Minutes of the Fed's closed-door meeting on Dec. 15-16 revealed that a "few members" thought that the Fed's $1.25 trillion program to buy mortgage securities from Fannie Mae and Freddie Mac might need to be expanded and extended beyond its end date of March 31. Such an additional dose of stimulus would be especially needed if the economic recovery were to weaken, they argued.
However, one member thought the program could be "scaled back" given the improvement in economic conditions.
At the December meeting, Fed policymakers decided not to make any changes to the program. At their September meeting, they opted to slow the pace of the purchases, wrapping them up by the end of March, rather than the end of 2009.
The minutes don't identify speakers by name but seeks to provide a more detailed account of the Fed's private discussions.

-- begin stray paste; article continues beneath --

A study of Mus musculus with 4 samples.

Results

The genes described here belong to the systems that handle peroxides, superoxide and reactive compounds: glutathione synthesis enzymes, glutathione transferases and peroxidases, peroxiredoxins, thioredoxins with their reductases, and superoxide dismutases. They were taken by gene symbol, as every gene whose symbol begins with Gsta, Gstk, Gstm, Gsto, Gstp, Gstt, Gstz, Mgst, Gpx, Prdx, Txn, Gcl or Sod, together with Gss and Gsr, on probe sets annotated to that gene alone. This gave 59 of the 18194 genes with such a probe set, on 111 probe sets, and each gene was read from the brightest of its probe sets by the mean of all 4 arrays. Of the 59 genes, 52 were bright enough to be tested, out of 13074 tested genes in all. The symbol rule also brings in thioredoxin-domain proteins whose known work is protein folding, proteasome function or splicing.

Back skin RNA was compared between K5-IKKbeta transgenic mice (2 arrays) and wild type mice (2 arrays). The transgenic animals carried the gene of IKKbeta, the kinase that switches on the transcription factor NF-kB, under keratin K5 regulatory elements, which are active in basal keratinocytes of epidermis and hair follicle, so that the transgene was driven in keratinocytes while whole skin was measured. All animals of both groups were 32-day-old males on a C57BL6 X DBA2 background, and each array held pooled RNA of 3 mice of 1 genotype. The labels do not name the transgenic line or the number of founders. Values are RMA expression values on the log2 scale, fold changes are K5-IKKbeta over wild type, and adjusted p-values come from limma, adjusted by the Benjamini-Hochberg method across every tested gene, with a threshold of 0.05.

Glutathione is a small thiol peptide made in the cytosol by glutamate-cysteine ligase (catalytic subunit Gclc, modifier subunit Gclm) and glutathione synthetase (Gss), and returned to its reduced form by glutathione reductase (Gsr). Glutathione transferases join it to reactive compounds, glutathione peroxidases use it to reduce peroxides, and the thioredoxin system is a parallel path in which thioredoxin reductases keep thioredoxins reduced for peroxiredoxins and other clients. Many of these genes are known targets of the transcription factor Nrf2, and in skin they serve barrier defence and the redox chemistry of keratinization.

Some Fed officials remained concerned about the economy's ability to mount a self-sustaining recovery once government supports are removed. To that end, those officials worried that improvements seen in the housing market might be "undercut" this year as the Fed's mortgage-buying program winds down, the government's home buyer tax credits expire at the end of April and home foreclosures grow.
"Generally the outlook was for gains in housing activity to continue. However, some participants still viewed the improved outlook as quite tentative and again pointed to potential sources of softness," the minutes said.
To nurture the recovery, the Fed at the December meeting kept its key bank lending rate at a record low near zero and pledged to hold it there for an "extended period."
Economists said the Fed is all but certain to leave rates at record lows at its next meeting on Jan. 26-27 and probably for much of this year.